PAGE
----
My 2001 F-150 SuperCrew (4.6L Triton) is exhibiting the following behavior.
Truck will occasionally stall after accelerating after a stop or during a
turn. Engine stops immediately and Odometer reads "---------" all horizontal
lines. If I place the truck in neutral and try to start it won't. If I turn
the ignition off and back on then try to start it will. Sometimes while
accelerating it will try to stall and make a comeback and you will feel it
in the tranny sort of slamming into gear type of feel (by the way it is the
automatic tranny with Overdrive.) And here is something else that happens if
I turn the overdrive "off" using the switch on the shifter it will reengage
(disengage from off ) back on it's own when the truck shudders and attempts
to stall sometimes it is very subtle minor vibration as the engine is in a
state of chaos. I also noted on the highway as I felt the malady about to
happen again I looked down at the speedometer and at a constant 55MPH the
Speedometer pegged to the right and back to the left and returned to normal.
Due to the two previous observations I am thinking something of an
electrical failure might be occurring the question is where? Obviously power
is being lost dropping out the "off" setting on the overdrive. Although
total power loss is not occurring since I see no instrument lights blinking
or the radio missing a beat. I sure hope someone out there has an answer. I
will be going to dealer to get the OBDII codes read maybe just maybe they
will point to the root cause but somehow I am still doubtful that they will
as you all know these intermittent problems can be a "bear".
Thanks in advance for any information or assistance rendered, Bob
Battery connections are fine. Today while driving home on the highway at
60MPH the engine died tach immediately went to zero. I put tranny in Neutral
turned off the ignition switch and back on and then restarted the engine,
and put it back in drive all the while trying to keep the vehicle straight
without PS. Very Scary! Don't think I'll be doing that again. I have to find
the fault wherever it may be or the truck will be considered a safety
hazard to drive.
You don't need power steering to steer a car, especially steer it straight.
I've been driving my '67 Galaxie for over a month now without the power
steering pump connected. My arms are getting stronger already. There should
not be much strength needed at all to steer straight on the highway.
Steering and brake systems with power assist are not fly by wire systems,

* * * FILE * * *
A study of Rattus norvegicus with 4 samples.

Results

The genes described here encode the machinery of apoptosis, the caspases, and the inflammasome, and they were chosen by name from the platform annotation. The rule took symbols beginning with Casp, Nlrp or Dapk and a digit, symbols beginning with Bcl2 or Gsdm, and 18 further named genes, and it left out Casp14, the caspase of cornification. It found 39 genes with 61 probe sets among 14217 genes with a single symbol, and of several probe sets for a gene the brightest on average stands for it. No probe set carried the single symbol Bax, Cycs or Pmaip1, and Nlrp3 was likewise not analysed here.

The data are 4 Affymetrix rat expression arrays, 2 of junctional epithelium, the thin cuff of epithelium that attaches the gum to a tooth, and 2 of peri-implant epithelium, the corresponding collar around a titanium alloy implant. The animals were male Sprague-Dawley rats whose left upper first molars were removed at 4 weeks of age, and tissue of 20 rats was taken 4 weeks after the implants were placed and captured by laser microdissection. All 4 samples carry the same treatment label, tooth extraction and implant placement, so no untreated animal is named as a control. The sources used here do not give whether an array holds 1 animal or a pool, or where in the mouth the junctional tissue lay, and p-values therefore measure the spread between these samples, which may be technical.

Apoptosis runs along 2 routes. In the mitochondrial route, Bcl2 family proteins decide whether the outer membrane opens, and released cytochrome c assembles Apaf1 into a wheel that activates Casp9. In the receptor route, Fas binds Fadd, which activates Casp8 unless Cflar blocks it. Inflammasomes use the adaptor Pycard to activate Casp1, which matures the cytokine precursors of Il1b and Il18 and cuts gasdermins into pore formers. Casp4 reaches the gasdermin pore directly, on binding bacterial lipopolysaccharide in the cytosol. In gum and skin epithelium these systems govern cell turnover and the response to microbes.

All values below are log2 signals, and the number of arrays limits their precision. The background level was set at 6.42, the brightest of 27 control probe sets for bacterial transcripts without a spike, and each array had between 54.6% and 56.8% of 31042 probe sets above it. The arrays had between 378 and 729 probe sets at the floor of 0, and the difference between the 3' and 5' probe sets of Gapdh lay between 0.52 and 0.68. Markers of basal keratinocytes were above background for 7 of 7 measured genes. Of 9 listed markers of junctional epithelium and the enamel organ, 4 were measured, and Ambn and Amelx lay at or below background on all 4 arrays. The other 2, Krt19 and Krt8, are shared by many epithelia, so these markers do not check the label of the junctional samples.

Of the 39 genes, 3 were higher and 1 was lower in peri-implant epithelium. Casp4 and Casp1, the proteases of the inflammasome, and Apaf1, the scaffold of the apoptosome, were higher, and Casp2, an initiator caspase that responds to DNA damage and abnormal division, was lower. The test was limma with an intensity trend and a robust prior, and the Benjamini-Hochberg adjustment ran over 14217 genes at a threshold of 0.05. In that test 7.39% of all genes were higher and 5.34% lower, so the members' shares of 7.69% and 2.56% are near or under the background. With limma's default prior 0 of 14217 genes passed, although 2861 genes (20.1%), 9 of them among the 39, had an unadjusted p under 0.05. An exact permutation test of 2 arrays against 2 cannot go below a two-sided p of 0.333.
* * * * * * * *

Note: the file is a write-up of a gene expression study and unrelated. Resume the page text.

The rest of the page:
the power assist is there in such a way that is the power assist fails for
wahtever reason (stalled engine, vacuum leak, etc.) the steering and brake
systems will still function normally, with the exception of requiring more
force to be applied. Believe it or not there really was a time when power
steering and power brakes didn't exist, and after that a period of time
where they were not common and not standard options. Cars were not dangerous
back then, and they aren't dangerous now. The safety issue is not that you
may have to steer without assist, it is that you are essentially dead in the
water. Not good if it stalls in the middle of a busy intersection or around
a blind curve.
In any case, your problem sounds nearly identical to a problem my mom had
with her Dodge. The instrument panel gauges would be all over the place and
the engine would stumble and act as though it was about to stall. This would
happen pretty randomly. Finally one morning the car wouldn't start so she
asked me to go have a look at it. The first thing I noticed when I popped
the hood was dirty and corroded battery terminals/conenctions. I cleaned
them up good with some sand paper and the problem was gone. Modern cars will
do some really funky things when they aren't getting enough juice from the
This morning the battery in my '67 was dead so I got a jump (was not at
home) and drove the car home with the dead battery. When I got home I turned
teh car off and started it back up for curiosity sake and it cranked slowly
but enough to fire. So I tooled around to work and back with a nearly dead
battery and then when I got home this evening put it on the charger. The '67
has a weak charging system and the battery is getting old, so this didn't
surprise me. I expect it will be fine in the morning. I guess I just find it
weird that a modern car won't run off of the alternator. If anyone knows why
I would be interested to hear it.
I must agree with you here. Might also want to check the alternator belt
too... Even if it doesnt noticeably squeal, it could be slipping.. My
Isuzu Rodeo had worn out alternator belt, which was NOT squealing, but
slipping pretty badly. Took me a day or two to figure out why it wouldn't
run right then, one day the radio shut off and reset to factory
stations/time, while I was trying to roll up all the windows and the batt
guage dropped almost all the way down. That was my clue as to what was
going on, of course my first thought was alternator, had it checked, sure
enough it wasnt putting enough juice.. luckily the guy that owned the
little parts shop noticed it wasnt quite turning as fast as it should be,
and revved it some, and his meter didnt move till a second or so AFTER the
rpms jumped up.
gave the belt a look, and it was wore bad.. so I replaced it, tightened up
to spec, and aint had a problem since (with the rodeo anyway)
Engine died yesterday engine would turn over but not start. I had the truck
towed to Ford dealer when we arrived the truck did start. Service Dept
called back said that they would be changing out the PCM computer. (covered
under emissions warranty) Battery/main electrical system is not the problem.
I had volt meter hooked up during last failure and it didn't show a blip.